How can a loving god allow eternal suffering?

5 min • July 9, 2023

This is one of the most common questions I encounter when debating non-Christians of every kind. Why did God create Hell, or at least allow for it to be created? It just doesn’t seem fair. Eternity seems a disproportionately long time to suffer for anything we could do wrong in this life.

The easy answer is that we don’t have to understand it. It’s a teaching that the Church received from the Apostles, so Hell objectively exists, whether we understand it or not. But that doesn’t mean we can’t try to make it more plausible to ourselves through reason.

The most inviolable, core teachings of Christianity about Hell are very small: it’s eternal, it’s inescapable, and it involves suffering. Beyond this, we don’t know anything for sure, and we’re free to speculate, as long as we don’t stray from any of the Church’s teachings.

Different theologians have tried to answer this by focusing on the eternity of Hell and God’s justice for doing so. They say that, if God is infinitely good, then sin has an infinite character, and deserves an infinite punishment.

This reasoning doesn’t sit right with me for whatever reason. So I try to tackle it by proposing that God isn’t causing us suffering, but we freely cause it by ourselves. If that’s the case, then our loving God can’t interfere.

Imagine for a moment that God took everyone and split them into two camps, based on whether they want to do things the right way or not. Those who want to (but often struggle to), he puts on his right, and finally takes away the internal struggle. Those who don’t want to, he puts on his left.

The group on the right is called “Heaven”, and they finally begin living life to the fullest, the right way. This is naturally very happy and good. The one on the left is called “Hell”, and they finally begin living life to the fullest, on their own terms.

What are those terms? That they want to separate cause and effect. They want to be rich without work. They want to be famous without harassment. They want to eat as much as they can without getting sick. In a word, they want to define their own logic and reality.

So, this group of people in “Hell” are trying to have their cake and eat it too. Even without going further in this scenario, we can already extrapolate that the sadness and misery that follows this mindset in this life will just continue every single day, and that it’s caused by their own determination, not by God.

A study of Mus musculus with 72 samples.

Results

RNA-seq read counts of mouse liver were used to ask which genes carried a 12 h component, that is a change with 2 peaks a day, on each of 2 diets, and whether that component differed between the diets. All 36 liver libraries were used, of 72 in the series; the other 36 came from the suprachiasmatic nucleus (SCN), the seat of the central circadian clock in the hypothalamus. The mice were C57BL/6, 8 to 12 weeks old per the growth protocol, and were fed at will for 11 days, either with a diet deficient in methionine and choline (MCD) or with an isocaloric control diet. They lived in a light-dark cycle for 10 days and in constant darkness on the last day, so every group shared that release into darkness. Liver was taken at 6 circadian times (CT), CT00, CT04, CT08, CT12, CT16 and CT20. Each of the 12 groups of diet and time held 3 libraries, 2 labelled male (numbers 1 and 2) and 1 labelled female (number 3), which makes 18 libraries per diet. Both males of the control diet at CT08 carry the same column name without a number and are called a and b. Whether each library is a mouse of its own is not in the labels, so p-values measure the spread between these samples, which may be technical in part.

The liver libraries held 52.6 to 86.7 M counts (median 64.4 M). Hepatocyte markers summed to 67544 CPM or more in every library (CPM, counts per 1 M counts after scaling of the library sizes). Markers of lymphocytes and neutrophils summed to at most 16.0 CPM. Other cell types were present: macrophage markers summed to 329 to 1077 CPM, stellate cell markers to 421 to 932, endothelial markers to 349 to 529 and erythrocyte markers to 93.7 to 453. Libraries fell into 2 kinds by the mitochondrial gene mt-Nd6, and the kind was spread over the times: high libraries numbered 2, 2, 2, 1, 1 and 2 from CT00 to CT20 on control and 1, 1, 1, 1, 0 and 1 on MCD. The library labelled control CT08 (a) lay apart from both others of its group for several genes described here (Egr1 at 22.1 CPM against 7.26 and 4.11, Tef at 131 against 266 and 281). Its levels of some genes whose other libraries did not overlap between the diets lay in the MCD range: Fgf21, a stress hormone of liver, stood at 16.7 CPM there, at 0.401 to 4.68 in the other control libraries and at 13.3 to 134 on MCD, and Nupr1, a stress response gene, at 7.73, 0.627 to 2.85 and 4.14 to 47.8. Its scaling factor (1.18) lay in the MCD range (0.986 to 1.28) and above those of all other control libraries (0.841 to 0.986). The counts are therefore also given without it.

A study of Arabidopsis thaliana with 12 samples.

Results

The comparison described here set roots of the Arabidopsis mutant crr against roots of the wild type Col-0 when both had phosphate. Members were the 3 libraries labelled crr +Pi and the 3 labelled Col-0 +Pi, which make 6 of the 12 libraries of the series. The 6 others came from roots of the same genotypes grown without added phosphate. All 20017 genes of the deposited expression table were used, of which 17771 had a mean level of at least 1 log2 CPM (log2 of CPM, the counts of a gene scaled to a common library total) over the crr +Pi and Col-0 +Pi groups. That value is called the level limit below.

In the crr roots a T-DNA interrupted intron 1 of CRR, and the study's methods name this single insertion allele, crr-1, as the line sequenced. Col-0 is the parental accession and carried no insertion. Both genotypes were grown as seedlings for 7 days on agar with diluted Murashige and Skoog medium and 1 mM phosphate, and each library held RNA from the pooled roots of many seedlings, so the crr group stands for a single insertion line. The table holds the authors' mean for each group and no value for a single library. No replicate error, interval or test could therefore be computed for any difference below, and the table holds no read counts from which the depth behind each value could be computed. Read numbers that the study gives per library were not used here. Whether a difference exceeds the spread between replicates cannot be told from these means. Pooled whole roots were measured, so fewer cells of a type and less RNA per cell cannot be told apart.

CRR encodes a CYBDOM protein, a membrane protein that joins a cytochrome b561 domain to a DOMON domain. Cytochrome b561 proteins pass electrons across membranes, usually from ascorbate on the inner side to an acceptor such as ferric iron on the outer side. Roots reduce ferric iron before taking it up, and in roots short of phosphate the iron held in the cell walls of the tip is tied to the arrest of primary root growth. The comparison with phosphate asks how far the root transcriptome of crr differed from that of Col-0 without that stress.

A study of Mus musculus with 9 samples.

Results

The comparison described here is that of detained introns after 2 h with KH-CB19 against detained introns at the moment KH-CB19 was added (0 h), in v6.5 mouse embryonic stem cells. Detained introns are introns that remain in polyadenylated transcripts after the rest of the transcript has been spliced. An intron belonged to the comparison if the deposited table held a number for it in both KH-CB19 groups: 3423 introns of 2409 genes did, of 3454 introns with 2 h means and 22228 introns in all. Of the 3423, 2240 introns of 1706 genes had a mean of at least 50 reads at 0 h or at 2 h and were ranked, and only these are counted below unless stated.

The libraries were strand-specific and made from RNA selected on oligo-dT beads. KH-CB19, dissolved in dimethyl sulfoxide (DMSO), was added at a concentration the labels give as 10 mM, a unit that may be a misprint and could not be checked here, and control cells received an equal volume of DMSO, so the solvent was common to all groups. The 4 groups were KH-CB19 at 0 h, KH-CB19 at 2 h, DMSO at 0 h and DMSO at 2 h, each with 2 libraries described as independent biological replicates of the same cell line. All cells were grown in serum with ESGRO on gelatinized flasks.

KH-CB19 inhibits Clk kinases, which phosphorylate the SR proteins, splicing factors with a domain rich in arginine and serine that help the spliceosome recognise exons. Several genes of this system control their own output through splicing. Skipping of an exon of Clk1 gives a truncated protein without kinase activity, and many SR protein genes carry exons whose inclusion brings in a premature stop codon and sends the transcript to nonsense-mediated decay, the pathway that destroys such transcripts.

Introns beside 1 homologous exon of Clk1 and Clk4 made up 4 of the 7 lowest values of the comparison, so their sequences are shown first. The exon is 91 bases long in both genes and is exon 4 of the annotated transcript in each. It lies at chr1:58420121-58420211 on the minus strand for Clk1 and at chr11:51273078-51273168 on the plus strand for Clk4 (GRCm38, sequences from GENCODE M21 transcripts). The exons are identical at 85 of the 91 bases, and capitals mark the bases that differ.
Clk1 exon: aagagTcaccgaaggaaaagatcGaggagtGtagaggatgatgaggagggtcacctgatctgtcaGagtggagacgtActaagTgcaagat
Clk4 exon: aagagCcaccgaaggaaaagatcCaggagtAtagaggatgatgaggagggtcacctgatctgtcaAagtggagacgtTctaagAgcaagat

Next, remember that ordinary people like you and me become neighbors with people like Hitler and Dahmer. Since we know that nobody can die in Hell (that would be a form of escape, and Hell is inescapable), there’s no way to get rid of them. So you’re stuck with them.

What happens then? World War III and Columbine combined, and it never ends. How do you end a war? Usually by ending the lives of much of its army or leadership. That’s not possible in Hell. So it just never ends.

Sure, you can imprison some of them for a while, but who’s to say others won’t use their charisma and other means of persuasion to amass an army to liberate them, in exchange for the loyalty of those Nazis they just freed from physical bondage?

Even if a small percentage of humanity lives by this, they will make life into a living hell on earth for everyone else, every day, without end. The murderers, the psychopaths, the rapists, the genocidal narcissistic maniacs, they will make it truly worth of the name Hell.

But even say a small group of people could somehow find a place to escape this nightmare, and not be discovered by the rest of the world for at least a few centuries. Couldn’t they create a little paradise? Or at least avoid creating their own hell?

Look at just how completely a small act of betrayal can destroy a person’s emotional life for years. The pain and suffering that follows in the ordinary course of this life will not be lessened by any means.

But if Christian doctrine is true, then part of what keeps us from diving deep into despair and self-destructive actions is the fact constantly implied to our consciences that there is still hope of a better life. In Hell, this hope is gone.

So in this envisioned scenario, what have we done? God gives eternal life to both the group on his right and on his left. But only to the group on his right does he take away the brokenness of our souls, because we want him to. The group on the left remains broken.

In both cases, we are given whatever we love the most. Only the group on the right is happy.